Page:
Thermo Fisher Scientific plans to officially open a 300,000-square-foot manufacturing plant in Plainville on Wednesday that underscores the laboratory equipment supplier’s investment in the growing field of gene therapy.
Waltham-based Thermo Fisher, the largest Massachusetts company by stock market value, at more than $224 billion at Tuesday’s close, has built a two-story plant that will develop, test, and manufacture “viral vectors.” Those are viruses modified to carry a normal functioning gene into cells to replace a defective gene causing an inherited disease. Gene therapies are intended to be a one-time treatment.
Last Wednesday, the US Food and Drug Administration approved the latest gene therapy, Zynteglo, from Bluebird Bio, of Somerville. It delivers a potentially permanent genetic remedy to patients with beta thalassemia, a rare inherited blood disorder that causes a reduction of normal hemoglobin and red blood cells and leads to insufficient oxygen. Like the first two gene therapies approved in 2017 and 2019 for a rare form of vision loss and for a progressive neuromuscular disease, Zynteglo is breathtakingly expensive: $2.8 million per patient. But a Boston-based nonprofit drug-pricing watchdog, the Institute for Clinical and Economic Review, said the price is justified because of how much money the medicine will save the health care system. Patients with beta thalassemia need blood transfusions once or twice a month and other expensive treatments.
Among those expected to attend Wednesday’s official opening is Governor Charlie Baker and US Representative Jake Auchincloss.
“Thermo Fisher Scientific’s new manufacturing facility in Plainville will be one of the largest of its kind and will deepen the company’s ties and expand its employee footprint in Massachusetts,” Baker said in a statement before the event.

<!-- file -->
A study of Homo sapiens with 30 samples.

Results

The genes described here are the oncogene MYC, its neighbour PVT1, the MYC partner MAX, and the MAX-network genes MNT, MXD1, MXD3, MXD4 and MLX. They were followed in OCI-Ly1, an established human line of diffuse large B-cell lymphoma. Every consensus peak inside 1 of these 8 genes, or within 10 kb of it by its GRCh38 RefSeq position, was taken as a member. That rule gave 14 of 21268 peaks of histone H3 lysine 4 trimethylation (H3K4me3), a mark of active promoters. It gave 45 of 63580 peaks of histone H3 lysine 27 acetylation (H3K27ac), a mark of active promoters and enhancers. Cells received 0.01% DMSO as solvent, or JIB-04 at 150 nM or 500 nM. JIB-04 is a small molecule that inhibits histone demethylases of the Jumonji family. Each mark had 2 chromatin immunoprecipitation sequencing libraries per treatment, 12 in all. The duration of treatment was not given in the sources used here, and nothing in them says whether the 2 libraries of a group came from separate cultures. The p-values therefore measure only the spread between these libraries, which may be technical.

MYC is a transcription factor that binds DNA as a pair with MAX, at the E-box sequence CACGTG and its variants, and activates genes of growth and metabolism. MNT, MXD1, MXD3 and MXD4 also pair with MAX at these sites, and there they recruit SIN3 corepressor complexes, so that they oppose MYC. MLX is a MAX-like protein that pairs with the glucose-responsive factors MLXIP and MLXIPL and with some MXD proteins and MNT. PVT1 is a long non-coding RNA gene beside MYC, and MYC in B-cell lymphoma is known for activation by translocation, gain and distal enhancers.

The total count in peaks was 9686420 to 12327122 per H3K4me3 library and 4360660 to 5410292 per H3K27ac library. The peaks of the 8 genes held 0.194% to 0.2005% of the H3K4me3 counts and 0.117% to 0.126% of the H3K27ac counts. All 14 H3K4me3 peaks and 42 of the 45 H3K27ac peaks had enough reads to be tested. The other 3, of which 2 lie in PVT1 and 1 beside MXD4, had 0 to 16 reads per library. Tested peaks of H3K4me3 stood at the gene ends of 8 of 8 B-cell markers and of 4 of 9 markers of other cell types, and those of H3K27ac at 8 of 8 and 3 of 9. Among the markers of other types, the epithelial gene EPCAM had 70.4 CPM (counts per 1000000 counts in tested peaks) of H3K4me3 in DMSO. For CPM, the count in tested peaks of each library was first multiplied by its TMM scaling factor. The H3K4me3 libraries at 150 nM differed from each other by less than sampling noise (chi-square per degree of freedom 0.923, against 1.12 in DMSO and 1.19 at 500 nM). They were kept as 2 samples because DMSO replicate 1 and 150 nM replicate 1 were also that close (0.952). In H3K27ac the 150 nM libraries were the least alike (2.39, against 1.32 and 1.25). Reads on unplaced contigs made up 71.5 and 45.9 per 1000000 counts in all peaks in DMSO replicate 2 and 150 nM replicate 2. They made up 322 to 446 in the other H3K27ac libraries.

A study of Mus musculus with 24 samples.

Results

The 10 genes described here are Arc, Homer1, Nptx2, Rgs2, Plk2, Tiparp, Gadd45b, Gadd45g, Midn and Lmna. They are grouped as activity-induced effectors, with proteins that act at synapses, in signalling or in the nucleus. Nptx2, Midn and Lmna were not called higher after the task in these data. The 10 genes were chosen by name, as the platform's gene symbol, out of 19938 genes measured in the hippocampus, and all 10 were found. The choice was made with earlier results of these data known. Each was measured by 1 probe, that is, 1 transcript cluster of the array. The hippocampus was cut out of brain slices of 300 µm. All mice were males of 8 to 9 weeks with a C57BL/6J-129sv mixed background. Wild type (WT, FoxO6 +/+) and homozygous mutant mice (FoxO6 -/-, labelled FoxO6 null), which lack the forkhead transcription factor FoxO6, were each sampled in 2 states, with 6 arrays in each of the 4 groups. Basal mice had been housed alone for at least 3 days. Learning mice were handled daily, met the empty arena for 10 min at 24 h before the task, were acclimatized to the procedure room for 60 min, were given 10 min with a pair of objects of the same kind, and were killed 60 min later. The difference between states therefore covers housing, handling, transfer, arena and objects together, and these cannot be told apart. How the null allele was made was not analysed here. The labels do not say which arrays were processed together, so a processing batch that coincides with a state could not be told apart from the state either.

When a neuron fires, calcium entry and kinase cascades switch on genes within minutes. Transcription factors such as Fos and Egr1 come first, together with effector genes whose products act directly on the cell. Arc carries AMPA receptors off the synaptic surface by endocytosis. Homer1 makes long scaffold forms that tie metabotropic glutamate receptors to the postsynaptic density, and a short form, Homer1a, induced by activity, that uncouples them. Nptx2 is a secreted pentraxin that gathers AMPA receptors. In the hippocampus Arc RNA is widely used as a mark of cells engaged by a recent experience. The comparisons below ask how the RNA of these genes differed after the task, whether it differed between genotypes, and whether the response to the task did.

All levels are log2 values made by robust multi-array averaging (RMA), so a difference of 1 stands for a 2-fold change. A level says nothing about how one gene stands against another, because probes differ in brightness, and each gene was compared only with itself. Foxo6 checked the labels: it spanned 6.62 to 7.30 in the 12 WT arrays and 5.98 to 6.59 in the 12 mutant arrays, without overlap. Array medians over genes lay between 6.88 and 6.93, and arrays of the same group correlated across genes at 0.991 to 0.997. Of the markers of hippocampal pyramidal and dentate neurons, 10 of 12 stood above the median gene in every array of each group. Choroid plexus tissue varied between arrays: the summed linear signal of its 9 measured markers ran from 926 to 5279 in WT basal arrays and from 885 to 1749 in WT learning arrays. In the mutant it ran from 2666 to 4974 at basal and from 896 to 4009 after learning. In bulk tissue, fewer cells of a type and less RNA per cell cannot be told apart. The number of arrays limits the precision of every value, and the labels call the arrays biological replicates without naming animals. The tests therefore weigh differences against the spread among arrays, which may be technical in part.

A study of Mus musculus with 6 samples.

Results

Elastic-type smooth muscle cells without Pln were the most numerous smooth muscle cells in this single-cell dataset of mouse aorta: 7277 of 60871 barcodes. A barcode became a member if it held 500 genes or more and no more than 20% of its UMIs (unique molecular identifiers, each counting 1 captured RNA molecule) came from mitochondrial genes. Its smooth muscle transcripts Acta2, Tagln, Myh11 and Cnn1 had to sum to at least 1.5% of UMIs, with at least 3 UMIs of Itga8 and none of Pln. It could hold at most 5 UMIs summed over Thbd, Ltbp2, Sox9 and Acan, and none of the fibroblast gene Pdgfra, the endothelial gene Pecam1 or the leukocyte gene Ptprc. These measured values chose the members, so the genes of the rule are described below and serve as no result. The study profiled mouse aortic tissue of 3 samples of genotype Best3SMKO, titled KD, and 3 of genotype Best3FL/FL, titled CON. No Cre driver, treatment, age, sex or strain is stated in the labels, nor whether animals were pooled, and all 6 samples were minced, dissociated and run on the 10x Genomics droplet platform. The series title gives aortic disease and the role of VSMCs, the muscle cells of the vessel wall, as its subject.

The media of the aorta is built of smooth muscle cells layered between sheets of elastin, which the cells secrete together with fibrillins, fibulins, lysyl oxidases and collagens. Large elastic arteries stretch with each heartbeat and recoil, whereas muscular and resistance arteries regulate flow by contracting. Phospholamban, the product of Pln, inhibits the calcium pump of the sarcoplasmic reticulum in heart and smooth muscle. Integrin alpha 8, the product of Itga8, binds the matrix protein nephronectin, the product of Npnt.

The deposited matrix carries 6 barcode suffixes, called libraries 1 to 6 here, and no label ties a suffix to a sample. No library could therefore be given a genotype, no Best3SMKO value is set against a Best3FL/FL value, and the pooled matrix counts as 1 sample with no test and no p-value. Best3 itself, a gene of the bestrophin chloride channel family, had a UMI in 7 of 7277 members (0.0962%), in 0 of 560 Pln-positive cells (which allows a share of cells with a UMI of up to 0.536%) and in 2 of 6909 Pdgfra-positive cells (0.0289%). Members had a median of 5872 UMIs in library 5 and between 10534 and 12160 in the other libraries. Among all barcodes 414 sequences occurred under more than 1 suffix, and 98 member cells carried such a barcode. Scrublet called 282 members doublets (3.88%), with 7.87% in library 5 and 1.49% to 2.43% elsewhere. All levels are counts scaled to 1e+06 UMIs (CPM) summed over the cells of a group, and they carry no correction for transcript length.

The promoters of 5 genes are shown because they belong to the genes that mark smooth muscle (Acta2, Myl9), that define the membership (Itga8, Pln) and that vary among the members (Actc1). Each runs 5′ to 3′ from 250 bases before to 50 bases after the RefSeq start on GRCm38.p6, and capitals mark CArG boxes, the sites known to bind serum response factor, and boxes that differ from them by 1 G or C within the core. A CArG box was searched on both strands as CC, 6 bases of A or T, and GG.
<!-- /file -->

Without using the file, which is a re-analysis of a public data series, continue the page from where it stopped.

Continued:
Marc N. Casper, who has been chief executive of Thermo Fisher since 2009, said the Plainville plant will help the pharmaceutical companies that are his firm’s customers discover, develop, and manufacture gene therapies faster. The company already had five sites in the US and Europe that can produce viral vectors.
The Plainville plant began operating recently and employs 125 people, according to a Thermo Fisher spokeswoman. It will add another 200 workers within two years.
Thermo Fisher employs more than 100,000 people worldwide. That includes at least 3,500 employees in Massachusetts at 15 sites in Cambridge, Waltham, Lexington, Franklin, and nine other cities and towns, said the company.
The firm made a significant commitment to gene therapy in 2019 when it bought Brammer Bio, a Cambridge manufacturer of viral vectors, for about $1.7 billion.
The construction project has not been without problems. On Feb. 2, about 200 people had to be evacuated because a frozen pipe cracked, leaking about 2,000 pounds of a refrigerant, according to state and local public safety officials.
Last year, COVID-19 diagnostic testing business made up nearly a third of Thermo Fisher’s first quarter revenues — $2.85 billion of the $9.91 billion total. In the first quarter of this year, COVID testing’s share of total revenue fell to less than 15 percent, but the firm has thrived because of other core businesses.
Vijay Kumar, an analyst at Evercore in New York, told investors in a note last month that Thermo Fisher was a “juggernaut” that had made shrewd acquisitions, including paying $17.4 billion for a North Carolina company that helps drugmakers run clinical trials.
Jonathan Saltzman can be reached at email@example.com.